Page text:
Law Society program update
The Law Society operates more than 20 programs, grouped into six operational areas: Credentials and Education, Insurance, Policy and Legal Services, Professional Regulation, Executive Support and Corporate Services.
Throughout the year, department heads provide reports to the Benchers outlining program goals and key performance measures. In November, the Benchers heard from the Admission program. Below is a summary of the report.
“The Professional Legal Training Course’s key asset is its faculty,” the Law Society’s Director of Education and Practice, Alan Treleaven told the Benchers at their November meeting.
“One of the huge strengths of the PLTC program is that we have full-time teachers — some Law Society staff, some contractors — in the classroom and we are able to offer a strong program and give students personal support.”
The goal of the Admission Program, which consists of articling and PLTC, is that successful applicants for call and admission demonstrate entry level competence.
“We prepare students to recognize and deal with ethical and practice management issues and we ensure they understand current practice and procedure,” explained Lynn Burns, Deputy Director of PLTC. “Students are expected to learn the law in law school, so we focus on improving their skills.”
Students are assessed with four skills assessments and two practice and procedure examinations — one on solicitor’s topics and the other on barrister’s topics.
The current initial pass rate on the examinations and assessments is between 80-90 per cent. Students who fail one or two exams or skills assessments are permitted to rewrite, while those who fail three or more must get the permission of the Credentials Committee. The ultimate pass rate is approximately 99 per cent.
“Entry standards for Canadian law schools are very high and foreign-trained lawyers must write exams set by the National Committee on Accreditation before articling, so you would expect that most, if not all, students would be successful in the course,” Burns said.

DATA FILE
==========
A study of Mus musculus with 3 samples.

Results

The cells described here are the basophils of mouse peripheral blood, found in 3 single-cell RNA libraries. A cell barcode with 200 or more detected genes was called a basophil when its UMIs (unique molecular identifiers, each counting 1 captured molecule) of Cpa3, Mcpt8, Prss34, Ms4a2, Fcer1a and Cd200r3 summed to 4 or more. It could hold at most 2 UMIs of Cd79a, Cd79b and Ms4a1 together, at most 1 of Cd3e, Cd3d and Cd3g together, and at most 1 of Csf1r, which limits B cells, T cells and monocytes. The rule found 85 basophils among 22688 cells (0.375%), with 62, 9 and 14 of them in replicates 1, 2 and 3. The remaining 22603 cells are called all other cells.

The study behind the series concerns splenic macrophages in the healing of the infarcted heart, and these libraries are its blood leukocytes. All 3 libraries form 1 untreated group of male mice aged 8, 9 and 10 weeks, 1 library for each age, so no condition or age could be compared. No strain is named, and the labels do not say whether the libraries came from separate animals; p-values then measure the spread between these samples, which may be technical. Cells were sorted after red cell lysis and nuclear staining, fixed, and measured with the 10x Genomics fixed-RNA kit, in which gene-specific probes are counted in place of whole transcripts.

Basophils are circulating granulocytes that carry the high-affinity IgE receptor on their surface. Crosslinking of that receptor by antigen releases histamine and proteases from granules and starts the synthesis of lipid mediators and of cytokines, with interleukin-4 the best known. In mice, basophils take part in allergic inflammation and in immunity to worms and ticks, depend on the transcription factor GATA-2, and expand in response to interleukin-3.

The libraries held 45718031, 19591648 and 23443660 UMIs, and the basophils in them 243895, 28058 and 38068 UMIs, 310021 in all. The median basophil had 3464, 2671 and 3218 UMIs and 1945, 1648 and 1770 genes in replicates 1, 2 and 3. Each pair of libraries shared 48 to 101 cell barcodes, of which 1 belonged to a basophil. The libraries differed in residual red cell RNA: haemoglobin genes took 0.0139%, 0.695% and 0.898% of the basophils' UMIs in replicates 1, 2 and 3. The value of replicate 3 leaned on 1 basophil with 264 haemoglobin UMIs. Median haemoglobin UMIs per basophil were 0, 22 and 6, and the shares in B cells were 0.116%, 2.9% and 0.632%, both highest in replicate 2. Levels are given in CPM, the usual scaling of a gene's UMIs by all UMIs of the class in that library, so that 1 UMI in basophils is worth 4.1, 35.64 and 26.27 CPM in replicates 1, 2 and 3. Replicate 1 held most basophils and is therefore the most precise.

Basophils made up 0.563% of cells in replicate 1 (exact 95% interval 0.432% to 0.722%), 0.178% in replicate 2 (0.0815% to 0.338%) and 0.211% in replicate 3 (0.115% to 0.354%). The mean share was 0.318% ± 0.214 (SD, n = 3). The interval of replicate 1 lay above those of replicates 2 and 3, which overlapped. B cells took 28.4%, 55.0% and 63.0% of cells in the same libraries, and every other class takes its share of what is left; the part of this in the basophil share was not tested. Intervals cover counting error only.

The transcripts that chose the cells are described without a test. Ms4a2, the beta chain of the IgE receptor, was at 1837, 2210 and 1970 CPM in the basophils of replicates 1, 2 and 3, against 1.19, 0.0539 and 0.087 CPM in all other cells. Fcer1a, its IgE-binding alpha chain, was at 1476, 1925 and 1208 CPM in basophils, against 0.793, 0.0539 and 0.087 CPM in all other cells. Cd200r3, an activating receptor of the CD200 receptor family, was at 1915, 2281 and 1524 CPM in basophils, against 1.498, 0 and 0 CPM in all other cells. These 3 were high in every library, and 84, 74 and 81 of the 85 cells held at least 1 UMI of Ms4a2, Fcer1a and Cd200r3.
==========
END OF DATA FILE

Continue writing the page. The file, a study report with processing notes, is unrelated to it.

She also said that while there is no clear statistical correlation between PLTC failure and course selection in law school, there is anecdotal evidence suggesting that students should opt for a wide range of mainstream courses.
“Some students, in spite of a specialized selection of courses at law school, do very well in the course if they are academically strong. However, when we see failed students it is not unusual to look at their transcripts and see that they took a very narrow range of specialized courses. And, if they are also not strong students, they do struggle.”
The 10-week course, which began as a pilot program in 1983 and was fully operational in 1984, is held on the Law Society premises in Vancouver three times a year starting in February, May and September. There are five or six classes in each session with 18-22 students. Another session is held at the University of Victoria each May with two classes of 20-24 students each.
Burns explained that the May sessions are the most popular. Local graduates who are moving to another community to article want to finish PLTC before relocating. Large firms with summer students prefer their articled students to return to the firm after PLTC in the fall, when the summer students are gone and the firm is busy.
The booming BC economy and demand for lawyers is putting pressure on the PLTC program. Four years ago, just over 300 students were enrolled while 2007 saw 366 students. Program staff are receiving input and exploring options to ensure all students find a place at PLTC during their articling year, with their first or second choice of session.